History

Home / History

Wimbledon past to present, founded and inhabited by hard working, progressive people, striving to make a better community to live in.

Wimbledon means “Stronghold of the Bold Friend.”

It was the bold pioneers of the 1800′s who are credited with settling into the rolling prairie. This virgin sod and rich soil soon became popular farm land.

John Henry Gibson sold the land for a townsite on October 10, 1892.

The year 1893 brought the Soo Line Depot, a hardware store, livery barn and 2 grain elevators. This was also the year the Post Office changed the name over the door from “Gibson” to Wimbledon.

The next few years were spent growing into a regional trade center and Wimbledon was incorporated into a village in 1899.

In the early 1900′s large crowds gathered in Wimbledon’s Victory Park for horse racing events.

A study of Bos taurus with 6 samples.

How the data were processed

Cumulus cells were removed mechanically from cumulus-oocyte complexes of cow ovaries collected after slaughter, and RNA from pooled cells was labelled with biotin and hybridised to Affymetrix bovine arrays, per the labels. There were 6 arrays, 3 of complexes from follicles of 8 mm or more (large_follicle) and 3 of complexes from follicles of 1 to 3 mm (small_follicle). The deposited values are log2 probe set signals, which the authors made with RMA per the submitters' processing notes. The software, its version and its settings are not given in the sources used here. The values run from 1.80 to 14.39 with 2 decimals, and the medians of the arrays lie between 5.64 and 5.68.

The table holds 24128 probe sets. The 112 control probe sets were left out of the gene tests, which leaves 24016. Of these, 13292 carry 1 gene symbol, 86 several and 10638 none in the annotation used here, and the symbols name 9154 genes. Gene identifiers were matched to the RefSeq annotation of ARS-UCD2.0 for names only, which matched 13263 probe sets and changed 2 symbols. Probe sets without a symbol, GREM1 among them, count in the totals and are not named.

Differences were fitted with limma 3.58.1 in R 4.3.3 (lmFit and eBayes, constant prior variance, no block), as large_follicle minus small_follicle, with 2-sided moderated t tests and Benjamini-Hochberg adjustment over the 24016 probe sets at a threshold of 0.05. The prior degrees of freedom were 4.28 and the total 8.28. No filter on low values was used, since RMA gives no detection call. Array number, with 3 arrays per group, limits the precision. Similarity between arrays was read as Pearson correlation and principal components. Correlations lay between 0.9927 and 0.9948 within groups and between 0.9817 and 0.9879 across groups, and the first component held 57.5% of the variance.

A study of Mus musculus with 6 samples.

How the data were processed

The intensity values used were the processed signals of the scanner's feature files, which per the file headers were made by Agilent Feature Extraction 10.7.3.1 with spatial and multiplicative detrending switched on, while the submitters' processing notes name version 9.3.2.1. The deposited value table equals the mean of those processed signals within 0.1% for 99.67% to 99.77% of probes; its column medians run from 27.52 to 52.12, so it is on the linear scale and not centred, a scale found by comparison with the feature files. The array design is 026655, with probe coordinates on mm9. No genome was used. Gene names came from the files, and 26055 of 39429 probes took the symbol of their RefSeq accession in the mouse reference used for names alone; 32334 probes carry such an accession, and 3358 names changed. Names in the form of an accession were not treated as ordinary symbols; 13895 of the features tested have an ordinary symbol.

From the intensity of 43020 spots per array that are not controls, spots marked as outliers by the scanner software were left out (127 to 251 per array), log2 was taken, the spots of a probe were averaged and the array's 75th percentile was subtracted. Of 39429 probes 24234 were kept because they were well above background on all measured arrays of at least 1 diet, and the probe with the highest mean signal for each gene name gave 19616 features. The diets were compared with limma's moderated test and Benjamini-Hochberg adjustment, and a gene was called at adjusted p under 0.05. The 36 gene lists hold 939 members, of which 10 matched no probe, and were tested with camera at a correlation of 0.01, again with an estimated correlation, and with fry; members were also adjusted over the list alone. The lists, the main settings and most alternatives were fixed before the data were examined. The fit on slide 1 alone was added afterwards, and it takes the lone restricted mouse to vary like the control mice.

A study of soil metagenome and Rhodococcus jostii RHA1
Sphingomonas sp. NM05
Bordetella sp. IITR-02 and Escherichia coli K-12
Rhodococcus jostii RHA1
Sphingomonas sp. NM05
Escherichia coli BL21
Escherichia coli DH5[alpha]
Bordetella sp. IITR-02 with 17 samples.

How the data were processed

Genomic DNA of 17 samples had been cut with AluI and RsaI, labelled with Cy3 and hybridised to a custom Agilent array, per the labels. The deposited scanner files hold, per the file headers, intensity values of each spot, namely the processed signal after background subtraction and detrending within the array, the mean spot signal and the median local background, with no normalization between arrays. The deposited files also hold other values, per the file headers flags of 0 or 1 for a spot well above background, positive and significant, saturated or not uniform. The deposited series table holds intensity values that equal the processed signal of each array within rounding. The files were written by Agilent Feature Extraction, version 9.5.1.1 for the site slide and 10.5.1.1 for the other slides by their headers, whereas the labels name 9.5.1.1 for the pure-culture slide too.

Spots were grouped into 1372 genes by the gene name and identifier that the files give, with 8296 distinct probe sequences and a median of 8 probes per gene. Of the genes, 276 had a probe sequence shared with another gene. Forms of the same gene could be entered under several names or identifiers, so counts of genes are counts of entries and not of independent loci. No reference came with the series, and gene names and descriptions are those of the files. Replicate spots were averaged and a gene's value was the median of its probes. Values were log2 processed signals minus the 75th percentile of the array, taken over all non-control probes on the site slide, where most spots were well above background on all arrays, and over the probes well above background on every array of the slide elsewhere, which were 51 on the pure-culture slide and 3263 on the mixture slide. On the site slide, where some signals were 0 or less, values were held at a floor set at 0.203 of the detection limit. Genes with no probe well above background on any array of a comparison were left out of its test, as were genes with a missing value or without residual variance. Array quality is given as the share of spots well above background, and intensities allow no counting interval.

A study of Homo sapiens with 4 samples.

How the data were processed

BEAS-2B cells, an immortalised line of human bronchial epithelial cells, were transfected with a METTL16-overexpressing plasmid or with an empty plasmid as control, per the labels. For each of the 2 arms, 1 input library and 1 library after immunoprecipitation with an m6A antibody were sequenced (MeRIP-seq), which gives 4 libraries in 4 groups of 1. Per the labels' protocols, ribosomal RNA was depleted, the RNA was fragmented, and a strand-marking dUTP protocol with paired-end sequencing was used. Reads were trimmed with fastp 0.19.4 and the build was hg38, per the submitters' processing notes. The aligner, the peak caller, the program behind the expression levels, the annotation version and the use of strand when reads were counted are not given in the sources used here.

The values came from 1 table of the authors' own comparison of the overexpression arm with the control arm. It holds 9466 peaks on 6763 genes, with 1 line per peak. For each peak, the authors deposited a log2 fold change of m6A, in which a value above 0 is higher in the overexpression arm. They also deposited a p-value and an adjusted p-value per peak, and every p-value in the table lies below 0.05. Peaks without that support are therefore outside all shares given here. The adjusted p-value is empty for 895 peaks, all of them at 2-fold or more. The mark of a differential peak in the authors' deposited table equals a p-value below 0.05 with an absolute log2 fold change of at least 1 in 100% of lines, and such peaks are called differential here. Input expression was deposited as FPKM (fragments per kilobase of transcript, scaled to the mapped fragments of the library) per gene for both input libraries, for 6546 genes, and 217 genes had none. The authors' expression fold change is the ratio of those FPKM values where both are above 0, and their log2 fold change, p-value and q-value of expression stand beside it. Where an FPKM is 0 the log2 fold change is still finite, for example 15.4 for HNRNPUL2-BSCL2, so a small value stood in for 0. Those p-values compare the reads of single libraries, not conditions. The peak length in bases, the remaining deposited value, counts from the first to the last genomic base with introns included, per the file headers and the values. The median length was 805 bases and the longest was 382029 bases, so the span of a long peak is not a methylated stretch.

In 1950 Wimbledon became a city with a mayor and city council government. Known for its rich crop lands, it was once home to 8 grain elevators and was called the “City of Elevators”.

Wimbledon Midland Continental Railroad Depot – Home of Peggy Lee.

Wimbledon is the home of the last remaining Midland Continental Railroad Depot, built in 1913.  Peggy Lee (1920-2002) an American jazz and popular singer, songwriter, and actress lived and worked as a young girl (1934-1937) in this very Depot.  The community of Wimbledon and the Midland Continental Depot Restoration Committee are working together to renovate, preserve and celebrate this Depot.  Grand Opening was May 26, 2012.

Midland Continental Depot Museum will now be open Summer 2012 daily from 1:00 – 4:00 pm, Memorial Day to Labor Day.